It is suggested that stronger basketball players and players with larger hands have poorer free throw percentages. However, research suggests stronger individuals have better force steadiness. PURPOSE: Therefore, the purpose of this study was to analyze the relationships between free throw percentage and anthropometric and physical performance metrics of National Basketball Association (NBA) players. METHODS: Using nbastatR, NBA draft combine data from 2000 to 2020 and respective NBA rookie season player data was scraped. Players who attempted at least 30 free throws were analyzed. Free throw percentage was predicted by the three performance variables and five anthropometric variables: lane agility, bench press performance, and vertical jump height and weight, body composition, height, wingspan, hand length, and hand width. Alpha of 0.05 was used for all statistical analysis. Each variable was correlated with free throw percentage. Multiple regression models were ran and the most parsimonious model was identified. RESULTS: There were significant correlations between free throw percentage and the following variables: wingspan (r=-0.4), weight (r=-0.35), hand length (r=-0.34), height (r=-0.32), lane agility (r=-0.24), bench press performance (r=-0.17), and hand width (r=-0.16). The full multiple regression model yielded an R2 value of 0.20 but the only significant predictor was wingspan (p=0.0164). The most parsimonious prediction model only contained wingspan as a predictor (R2 =.16, pCONCLUSION: The strongest predictor of free throw percentage was wingspan, although the relationship strength was weak. When wingspan was accounted for, no other variables were related to free throw percentage. Therefore, the frequent assumption that stronger athletes and athletes with larger hands are poorer free throw shooters is not supported. This relationship does not suggest a causal effect of longer limbs on free throw percentage. Due to the advantage in rebounding and defensive performance, athletes with bigger wingspan have, shorter players with shorter limbs may be required to be more accurate shooters to earn a career in the NBA. However, no research has been done on the effect of limb length to movement accuracy. Future research should investigate the effect of limb length on movement accuracy.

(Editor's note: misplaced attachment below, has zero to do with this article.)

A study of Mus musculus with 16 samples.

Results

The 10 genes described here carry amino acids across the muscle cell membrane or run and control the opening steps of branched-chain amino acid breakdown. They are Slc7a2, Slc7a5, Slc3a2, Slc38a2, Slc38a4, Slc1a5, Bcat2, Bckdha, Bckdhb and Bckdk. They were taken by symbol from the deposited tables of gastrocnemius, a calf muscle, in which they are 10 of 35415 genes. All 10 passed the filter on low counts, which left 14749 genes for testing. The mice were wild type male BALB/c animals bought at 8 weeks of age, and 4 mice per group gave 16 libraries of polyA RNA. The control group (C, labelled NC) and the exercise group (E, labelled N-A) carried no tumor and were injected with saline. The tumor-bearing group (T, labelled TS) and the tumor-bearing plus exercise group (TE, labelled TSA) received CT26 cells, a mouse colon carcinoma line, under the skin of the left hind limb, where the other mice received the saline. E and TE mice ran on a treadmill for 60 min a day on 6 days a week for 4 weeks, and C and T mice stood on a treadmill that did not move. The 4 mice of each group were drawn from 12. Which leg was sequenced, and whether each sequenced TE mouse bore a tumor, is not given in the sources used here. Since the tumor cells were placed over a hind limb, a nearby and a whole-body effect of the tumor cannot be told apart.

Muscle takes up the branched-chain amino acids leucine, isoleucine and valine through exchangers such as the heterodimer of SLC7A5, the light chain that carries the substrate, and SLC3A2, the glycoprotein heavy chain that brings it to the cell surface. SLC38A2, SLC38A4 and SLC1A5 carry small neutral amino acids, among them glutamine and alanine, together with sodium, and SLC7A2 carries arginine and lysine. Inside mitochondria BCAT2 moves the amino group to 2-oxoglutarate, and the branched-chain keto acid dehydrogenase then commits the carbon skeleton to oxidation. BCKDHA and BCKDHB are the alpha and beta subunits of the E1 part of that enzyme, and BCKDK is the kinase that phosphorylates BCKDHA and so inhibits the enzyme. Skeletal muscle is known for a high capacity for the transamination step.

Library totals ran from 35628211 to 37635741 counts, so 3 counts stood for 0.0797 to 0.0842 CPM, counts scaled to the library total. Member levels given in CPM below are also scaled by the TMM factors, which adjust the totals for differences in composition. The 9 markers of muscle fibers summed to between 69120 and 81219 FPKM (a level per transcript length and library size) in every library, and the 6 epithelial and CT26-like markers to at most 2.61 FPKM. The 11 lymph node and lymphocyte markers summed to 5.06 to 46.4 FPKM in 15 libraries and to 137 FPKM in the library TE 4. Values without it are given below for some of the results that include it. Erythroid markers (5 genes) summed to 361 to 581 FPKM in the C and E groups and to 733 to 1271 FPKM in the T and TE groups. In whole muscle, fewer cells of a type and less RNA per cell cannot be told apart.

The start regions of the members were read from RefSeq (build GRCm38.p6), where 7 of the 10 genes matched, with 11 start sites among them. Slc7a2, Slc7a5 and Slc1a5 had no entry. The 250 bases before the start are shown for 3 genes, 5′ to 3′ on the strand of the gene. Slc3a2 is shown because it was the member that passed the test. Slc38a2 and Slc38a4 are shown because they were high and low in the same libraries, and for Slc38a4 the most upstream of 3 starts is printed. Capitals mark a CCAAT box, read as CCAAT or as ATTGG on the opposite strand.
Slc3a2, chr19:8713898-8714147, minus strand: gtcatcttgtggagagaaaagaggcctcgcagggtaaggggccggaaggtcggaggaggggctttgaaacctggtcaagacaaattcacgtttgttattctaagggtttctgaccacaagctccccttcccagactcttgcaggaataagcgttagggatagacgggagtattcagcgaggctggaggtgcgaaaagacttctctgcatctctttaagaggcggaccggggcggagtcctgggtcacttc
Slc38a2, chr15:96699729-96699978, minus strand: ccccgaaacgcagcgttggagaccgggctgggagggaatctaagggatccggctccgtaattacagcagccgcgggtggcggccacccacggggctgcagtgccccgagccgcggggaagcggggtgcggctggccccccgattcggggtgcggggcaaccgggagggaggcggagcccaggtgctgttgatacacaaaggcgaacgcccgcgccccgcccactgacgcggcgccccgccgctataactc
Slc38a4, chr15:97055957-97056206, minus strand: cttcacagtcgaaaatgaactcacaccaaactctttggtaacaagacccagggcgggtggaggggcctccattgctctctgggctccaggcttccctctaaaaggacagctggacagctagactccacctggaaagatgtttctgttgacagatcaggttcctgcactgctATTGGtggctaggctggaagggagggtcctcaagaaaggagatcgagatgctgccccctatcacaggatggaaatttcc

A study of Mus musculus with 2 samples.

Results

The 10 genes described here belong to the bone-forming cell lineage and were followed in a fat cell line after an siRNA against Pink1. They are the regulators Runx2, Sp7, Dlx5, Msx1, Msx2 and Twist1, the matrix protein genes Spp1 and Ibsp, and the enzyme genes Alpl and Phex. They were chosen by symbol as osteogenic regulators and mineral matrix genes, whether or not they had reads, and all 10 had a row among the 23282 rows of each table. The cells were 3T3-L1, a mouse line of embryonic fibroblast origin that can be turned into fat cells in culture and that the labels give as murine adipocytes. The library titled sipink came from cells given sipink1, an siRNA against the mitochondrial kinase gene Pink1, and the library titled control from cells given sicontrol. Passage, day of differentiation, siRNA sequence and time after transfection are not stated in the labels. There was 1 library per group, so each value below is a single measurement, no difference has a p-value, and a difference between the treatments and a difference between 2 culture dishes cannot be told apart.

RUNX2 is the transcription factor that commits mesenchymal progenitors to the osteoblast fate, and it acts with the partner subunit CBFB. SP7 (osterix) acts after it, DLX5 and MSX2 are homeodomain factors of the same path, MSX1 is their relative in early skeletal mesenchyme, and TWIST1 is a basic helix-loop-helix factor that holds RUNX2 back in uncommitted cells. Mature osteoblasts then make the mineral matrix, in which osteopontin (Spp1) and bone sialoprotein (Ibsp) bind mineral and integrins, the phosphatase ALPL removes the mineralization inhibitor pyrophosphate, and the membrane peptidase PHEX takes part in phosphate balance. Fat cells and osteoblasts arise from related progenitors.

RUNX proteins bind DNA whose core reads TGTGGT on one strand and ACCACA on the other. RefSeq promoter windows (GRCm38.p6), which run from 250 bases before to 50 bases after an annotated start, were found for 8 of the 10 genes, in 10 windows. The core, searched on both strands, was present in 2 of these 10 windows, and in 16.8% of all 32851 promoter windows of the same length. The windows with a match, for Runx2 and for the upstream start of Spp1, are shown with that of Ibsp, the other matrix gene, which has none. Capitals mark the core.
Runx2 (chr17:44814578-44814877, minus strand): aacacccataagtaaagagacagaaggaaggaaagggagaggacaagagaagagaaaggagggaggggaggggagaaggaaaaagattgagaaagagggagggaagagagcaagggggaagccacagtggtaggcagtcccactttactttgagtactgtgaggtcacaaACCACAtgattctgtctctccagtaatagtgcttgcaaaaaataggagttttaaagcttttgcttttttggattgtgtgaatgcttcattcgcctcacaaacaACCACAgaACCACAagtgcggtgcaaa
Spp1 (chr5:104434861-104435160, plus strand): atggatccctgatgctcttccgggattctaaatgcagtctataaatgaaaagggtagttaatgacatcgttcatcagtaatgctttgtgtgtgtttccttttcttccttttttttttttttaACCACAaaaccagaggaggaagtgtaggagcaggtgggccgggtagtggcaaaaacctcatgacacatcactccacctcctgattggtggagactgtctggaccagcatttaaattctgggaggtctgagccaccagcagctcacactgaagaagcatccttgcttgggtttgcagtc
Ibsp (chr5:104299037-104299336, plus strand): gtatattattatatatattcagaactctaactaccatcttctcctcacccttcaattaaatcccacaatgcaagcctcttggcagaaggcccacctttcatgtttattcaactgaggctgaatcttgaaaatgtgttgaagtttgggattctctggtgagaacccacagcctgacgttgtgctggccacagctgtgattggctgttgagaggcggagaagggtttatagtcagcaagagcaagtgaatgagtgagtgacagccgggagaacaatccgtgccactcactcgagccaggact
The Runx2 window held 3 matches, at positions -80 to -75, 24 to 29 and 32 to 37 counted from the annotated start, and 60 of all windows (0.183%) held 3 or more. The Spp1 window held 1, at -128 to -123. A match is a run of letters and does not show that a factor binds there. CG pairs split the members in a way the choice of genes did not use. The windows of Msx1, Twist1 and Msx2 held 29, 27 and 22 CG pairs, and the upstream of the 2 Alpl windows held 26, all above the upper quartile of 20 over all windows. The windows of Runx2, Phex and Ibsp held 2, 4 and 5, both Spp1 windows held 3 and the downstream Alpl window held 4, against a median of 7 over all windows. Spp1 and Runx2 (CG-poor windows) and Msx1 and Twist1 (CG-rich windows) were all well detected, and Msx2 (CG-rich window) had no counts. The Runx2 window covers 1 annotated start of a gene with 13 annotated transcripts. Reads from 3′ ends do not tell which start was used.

To view the content in your browser, please download Adobe Reader or, alternately,
you may Download the file to your hard drive.

NOTE: The latest versions of Adobe Reader do not support viewing PDF files within Firefox on Mac OS and if you are using a modern (Intel) Mac, there is no official plugin for viewing PDF files within the browser window.